Rev. Jackson Leads Chicago Protesters Over City's Yearlong Cover-Up

Chicago mayor, police and prosecutor did not charge officer who killed Black teen until video was to be released more than a year following incident.

More than 2,000 protesters took to the streets in one of Chicago's busiest shopping districts during Black Friday following the release of a graphic video last week showing the year-old murder of a Black teenager by a white police officer who shot him 16 times.

The video, which the city of Chicago resisted releasing for more than a year and finally released Tuesday evening only after a court order, shows 17-year-old Laquan McDonald being shot while he was walking away from police — and continuing to be shot while already lying motionless on the ground.

In anticipation of the video's imminent release, officer Jason Van Dyke on Tuesday was charged with first-degree murder and turned himself in. He had been on modified duty since the shooting and is now being held without bond.

Related Story: Chicago Releases Graphic Video of White Cop Shooting Black Teen 16 Times

Despite Van Dyke being charged with murder, protesters, including the Rev. Jesse Jackson, U.S. Rep. Bobby Rush and other Black leaders, allege a yearlong cover-up by the city which, they say, would not have charged Van Dyke had the video not been released.

"We need bold comprehensive change in the police department and the criminal justice system," Jackson said during a news conference.

Protesters on Friday blocked store entrances and shut down traffic in the famed Magnificent Mile area of Chicago chanting "16 shots, 14 months" — referring to the number of times McDonald was shot and the length of time it took to release the video and pursue charges against Van Dyke — and are demanding a U.S. Justice Department investigation into how the city handled the shooting and its aftermath.

Activists also called for the resignations of Chicago Mayor Rahm Emanuel, Chicago Police Superintendent Garry McCarthy and Cook County Prosecutor Anita Alvarez, suggesting a cover up by city officials.

Among the marchers was Chicago Teachers Union President Karen Lewis, who called on teachers to support the protesters. The union reportedly paid for a robocall by Jackson on Thursday that encouraged people to participate in the Black Friday demonstrations.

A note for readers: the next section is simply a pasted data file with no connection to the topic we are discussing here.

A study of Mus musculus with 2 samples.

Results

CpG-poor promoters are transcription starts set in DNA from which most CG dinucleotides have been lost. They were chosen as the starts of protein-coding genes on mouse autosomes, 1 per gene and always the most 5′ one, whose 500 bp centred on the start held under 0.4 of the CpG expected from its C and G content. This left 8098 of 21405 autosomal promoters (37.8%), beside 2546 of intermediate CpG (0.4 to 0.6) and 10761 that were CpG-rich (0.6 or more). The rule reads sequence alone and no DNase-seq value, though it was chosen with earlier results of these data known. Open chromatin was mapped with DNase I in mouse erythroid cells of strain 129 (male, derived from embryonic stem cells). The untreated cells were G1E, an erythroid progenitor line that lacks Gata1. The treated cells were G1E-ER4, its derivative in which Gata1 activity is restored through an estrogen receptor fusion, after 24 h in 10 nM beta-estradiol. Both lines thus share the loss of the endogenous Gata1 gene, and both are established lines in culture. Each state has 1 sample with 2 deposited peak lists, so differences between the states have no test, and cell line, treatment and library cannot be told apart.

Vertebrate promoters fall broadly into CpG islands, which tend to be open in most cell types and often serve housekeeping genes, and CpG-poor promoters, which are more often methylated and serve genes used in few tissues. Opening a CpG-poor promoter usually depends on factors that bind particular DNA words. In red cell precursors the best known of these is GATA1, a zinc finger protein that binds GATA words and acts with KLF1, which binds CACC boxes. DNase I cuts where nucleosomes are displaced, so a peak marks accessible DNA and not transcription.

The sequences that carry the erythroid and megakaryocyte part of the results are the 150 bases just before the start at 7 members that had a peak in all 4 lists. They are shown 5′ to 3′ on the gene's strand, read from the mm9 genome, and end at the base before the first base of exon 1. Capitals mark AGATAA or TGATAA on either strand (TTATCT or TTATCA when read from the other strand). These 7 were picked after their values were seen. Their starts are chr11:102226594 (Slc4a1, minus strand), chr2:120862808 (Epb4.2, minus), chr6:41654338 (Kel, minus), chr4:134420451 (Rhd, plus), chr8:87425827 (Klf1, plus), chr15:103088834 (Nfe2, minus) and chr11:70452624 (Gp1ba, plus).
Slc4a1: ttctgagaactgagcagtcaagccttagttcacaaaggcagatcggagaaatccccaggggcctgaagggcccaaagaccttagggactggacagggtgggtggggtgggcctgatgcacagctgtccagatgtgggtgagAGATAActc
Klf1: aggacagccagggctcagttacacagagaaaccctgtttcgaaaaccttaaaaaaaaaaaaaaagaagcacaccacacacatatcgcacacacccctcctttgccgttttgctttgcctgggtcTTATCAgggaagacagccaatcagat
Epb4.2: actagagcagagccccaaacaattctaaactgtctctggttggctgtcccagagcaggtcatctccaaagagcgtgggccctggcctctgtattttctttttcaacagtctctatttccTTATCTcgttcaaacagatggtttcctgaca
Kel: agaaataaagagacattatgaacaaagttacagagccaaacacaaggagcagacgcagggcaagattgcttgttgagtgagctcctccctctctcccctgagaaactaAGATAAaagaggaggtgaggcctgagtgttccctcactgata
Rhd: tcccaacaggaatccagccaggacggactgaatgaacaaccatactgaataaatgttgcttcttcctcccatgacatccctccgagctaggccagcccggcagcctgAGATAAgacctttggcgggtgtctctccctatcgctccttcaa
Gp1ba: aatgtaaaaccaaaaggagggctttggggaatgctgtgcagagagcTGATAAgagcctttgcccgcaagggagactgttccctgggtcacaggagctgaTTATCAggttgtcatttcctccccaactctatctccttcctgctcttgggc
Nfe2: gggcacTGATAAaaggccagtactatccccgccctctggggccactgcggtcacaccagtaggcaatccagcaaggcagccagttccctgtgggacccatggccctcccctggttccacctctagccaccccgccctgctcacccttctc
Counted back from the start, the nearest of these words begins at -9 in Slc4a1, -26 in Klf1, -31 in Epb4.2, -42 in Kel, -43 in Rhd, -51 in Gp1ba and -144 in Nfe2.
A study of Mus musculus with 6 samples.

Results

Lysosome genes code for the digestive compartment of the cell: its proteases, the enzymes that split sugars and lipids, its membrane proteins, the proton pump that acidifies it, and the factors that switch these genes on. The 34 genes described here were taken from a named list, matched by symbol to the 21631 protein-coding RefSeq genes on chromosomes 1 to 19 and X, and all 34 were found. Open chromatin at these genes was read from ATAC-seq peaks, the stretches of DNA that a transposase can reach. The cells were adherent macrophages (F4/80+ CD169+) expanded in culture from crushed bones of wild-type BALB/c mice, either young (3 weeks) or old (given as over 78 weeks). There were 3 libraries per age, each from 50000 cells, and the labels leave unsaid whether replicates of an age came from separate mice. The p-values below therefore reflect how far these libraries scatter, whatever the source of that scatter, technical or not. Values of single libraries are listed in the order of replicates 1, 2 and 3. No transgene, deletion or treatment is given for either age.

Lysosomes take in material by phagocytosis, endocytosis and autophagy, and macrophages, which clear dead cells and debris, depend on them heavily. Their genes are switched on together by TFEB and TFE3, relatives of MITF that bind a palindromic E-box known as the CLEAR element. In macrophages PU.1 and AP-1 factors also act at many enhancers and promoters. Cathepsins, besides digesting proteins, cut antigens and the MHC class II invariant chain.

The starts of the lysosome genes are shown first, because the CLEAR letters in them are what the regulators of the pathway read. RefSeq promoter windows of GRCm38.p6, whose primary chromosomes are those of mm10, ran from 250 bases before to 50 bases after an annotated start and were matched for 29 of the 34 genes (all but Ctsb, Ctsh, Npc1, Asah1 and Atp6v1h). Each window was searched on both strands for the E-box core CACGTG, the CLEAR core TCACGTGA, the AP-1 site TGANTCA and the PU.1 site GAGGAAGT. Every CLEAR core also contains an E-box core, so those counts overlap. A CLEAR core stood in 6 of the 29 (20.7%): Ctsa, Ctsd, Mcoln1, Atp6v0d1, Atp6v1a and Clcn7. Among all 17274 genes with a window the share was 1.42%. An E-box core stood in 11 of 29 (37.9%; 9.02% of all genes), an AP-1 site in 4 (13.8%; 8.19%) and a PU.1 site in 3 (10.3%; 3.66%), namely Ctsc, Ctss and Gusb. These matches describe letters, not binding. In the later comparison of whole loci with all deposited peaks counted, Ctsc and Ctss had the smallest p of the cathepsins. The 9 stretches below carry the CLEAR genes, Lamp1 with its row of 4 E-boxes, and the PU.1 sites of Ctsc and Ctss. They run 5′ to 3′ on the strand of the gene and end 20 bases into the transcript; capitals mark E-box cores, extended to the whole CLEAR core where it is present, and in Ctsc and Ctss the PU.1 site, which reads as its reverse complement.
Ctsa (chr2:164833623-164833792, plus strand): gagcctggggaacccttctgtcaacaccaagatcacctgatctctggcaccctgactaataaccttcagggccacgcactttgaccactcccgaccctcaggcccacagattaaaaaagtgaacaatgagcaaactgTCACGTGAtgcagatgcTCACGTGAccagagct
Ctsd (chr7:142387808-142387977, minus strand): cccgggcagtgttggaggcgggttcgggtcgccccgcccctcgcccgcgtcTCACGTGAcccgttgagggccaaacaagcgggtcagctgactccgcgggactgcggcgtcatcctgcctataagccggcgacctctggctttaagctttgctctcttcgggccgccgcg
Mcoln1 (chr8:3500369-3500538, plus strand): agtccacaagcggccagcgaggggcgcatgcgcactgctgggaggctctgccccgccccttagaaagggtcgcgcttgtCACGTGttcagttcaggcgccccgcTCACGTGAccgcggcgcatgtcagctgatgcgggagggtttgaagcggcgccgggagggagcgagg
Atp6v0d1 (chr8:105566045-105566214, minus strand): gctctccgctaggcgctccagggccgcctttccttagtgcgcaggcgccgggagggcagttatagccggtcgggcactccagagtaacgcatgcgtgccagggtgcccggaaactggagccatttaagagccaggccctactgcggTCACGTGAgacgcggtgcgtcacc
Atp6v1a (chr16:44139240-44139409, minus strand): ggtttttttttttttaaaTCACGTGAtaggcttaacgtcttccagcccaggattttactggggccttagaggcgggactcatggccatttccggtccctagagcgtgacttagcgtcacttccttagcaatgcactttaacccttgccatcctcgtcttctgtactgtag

Chicago Urban League interim President and CEO Shari Runner also called for McCarthy to be fired and Alvarez to resign.

"Accountability means just that, and change is warranted in what has clearly been a major miscarriage of justice," Runner said.

Earlier this year, a group of Black city council members had already called for McCarthy to be fired, in part due to the city's fast-growing homicide rate, and the fact that little effort has been made to hire and promote Black officers.

The "cover-up conspiracy of Laquan's death is proof that Alvarez, Emanuel, and CPD [Chicago Police Department] do not stand for justice and are corrupt public servants," said Rachel Williams, an organizer for Black Youth Project 100 in a statement. "Our communities are less safe because of their decisions and they are unqualified to lead and protect our city."

On Friday, McCarthy told reporters that he had no intention of resigning. "I have never quit on anything in my life," he said. "The mayor has made it very clear that he has my back. If people peel away the onion on what's happening right now in the policing world, you're going to find a police department that is doing an exceptional job and quite frankly I'm not going to quit on the people of Chicago and I'll never quit on these men and women."

From Jackson's point of view, however, "In Chicago, officials offered no remedy. Instead they sat on the tape for more than a year, buried the killing in an unending investigation, gave the officer a pass, and got through the elections."